Remembering “The Old Slow & Easy” in Sevierville, Tennessee.

“The Old Slow & Easy” exhibit, located at the Sevierville Visitor Center, showcases the Smoky Mountain Railroad. Viewing the exhibit is free and it will be open until late spring of 2022.

The Old Slow & Easy

“The exhibit initially opened on January 9th because in 1910 that’s when the first train arrived in Sevierville,” says Carroll McMahan, Sevier County Historian. The train line, which was officially named the Sevierville, Knoxville and Eastern Railway and later the Smoky Mountain Railroad, rolled between Knoxville and Sevierville for 51 years before ending its run in 1961.

The train earned the nickname “The Old Slow & Easy” since it was notoriously behind schedule: “It averaged 25 miles per hour because there were so many stops between Knoxville and Sevierville,” says McMahan. But when the line operated, it was possible to travel by rail from Sevierville to Knoxville and then connect to almost anywhere in the U.S.

“The original idea was that the train would go all the way across the Smokies to North Carolina, but that never did materialize,” says McMahan. Blame poor timing: The train arrived in the area just as automobiles were gaining popularity and becoming more common.

In addition to passengers, the train serviced multiple Smoky Mountain-based industries including lumber companies and the Stokely Brothers Canning Company.

Tracks ran through Sevierville past Pigeon Forge and halfway to Gatlinburg, but never reached Newfound Gap as originally planned. Though no tracks remain in place today, some of the original tracks that have long been buried under Bruce Street in Historic Downtown Sevierville are being excavated.

“One reason this exhibit is important is that there’s so little left to see,” says McMahan. For example, neither of the two original stations, built in 1910 and 1916, remain standing. “It’s an obscure part of history that ended 58 decades ago, so few people have firsthand memories of it.” Even though the train hasn't run for many years, a renewed interest in the Sevierville, Knoxville & Eastern was sparked by historic downtown Sevierville's recently completed streetscape renovations. The new downtown design incorporates replica rails that run the length of Bruce Street, as well as public art created from original portions of the train's track. It is also possible to see one lingering train car (#107), however: It stands at the Pigeon Forge entrance to Dollywood (turn left onto Dollywood Lane from the Parkway).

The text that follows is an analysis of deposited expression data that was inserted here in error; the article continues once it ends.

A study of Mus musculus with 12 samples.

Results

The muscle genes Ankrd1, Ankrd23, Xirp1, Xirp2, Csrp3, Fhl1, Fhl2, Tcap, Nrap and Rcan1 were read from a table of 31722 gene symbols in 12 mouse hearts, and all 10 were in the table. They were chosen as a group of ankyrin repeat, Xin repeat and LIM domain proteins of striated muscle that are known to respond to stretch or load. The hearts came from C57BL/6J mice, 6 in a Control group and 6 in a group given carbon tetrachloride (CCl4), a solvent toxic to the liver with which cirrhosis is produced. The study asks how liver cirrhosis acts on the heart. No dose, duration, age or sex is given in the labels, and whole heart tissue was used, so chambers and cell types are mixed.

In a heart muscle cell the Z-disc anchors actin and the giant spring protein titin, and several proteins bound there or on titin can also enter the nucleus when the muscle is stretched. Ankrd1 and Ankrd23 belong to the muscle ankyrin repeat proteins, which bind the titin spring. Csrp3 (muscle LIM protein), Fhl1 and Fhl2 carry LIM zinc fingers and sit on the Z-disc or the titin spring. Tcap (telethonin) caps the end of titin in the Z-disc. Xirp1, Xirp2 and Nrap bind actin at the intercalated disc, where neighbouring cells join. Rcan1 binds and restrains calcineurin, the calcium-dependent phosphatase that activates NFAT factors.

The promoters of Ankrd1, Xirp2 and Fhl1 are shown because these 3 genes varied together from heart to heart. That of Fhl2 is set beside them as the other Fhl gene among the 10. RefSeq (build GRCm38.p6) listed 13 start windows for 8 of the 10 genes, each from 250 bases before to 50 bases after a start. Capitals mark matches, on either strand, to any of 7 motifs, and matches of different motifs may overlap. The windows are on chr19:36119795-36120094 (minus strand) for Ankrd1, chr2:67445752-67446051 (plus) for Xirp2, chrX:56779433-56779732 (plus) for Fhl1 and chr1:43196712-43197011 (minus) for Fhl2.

The exhibit at the Sevierville Visitors Center will tell the story of the Sevierville, Knoxville and Eastern Railway with historic facts, archival photos, artifacts, and a fictional passenger’s diary account set in 1920. Interactive areas include a selfie station and an option to write and share your own railroad memories.

The all-new exhibit, “The Old Slow & Easy,” will be open daily 9 a.m. to 5 p.m. at the Sevierville Visitor Center located at 3099 Winfield Dunn Parkway in Kodak, Tennessee, just 1.5 miles from I-40 Exit 407. There is no admission fee.

The Old Slow & Easy

Related Fun in Sevierville…

The Old Slow & Easy

Delve into more transportation history at the Tennessee Museum of Aviation, Tennessee’s official repository and archive of aviation history. Displays include vintage aircraft, engines, and military vehicles. The museum is the only place in the U.S. that boasts two airworthy P-47 Thunderbolts—less than a dozen of these World War II planes still fly in the world! Climb into an A-4 Skyhawk Cockpit for a pilot’s-eye view of flying. Other historic artifacts focus on military flight, including uniforms, aircraft models, memorabilia, and photographs. A “Wave Wall” offers a timeline of aviation history milestones starting before the Wright Brothers.

Dig into local history at the Sevier County Heritage Museum in Historic Downtown Sevierville. Founded in 1794, Sevier County’s diverse and engaging history ranges from the Eastern Woodland Native Americans to living legend Dolly Parton. The museum, founded in 1995, is located inside a Colonial Revival-style building that was completed in 1940 by an African-American construction company and is listed on the National Register of Historic Places. Displays include ancient artifacts from Native Americans and first settlers, items from the Revolutionary War, Civil War, World War II, excavated portions of track from The Old Slow & Easy, and more.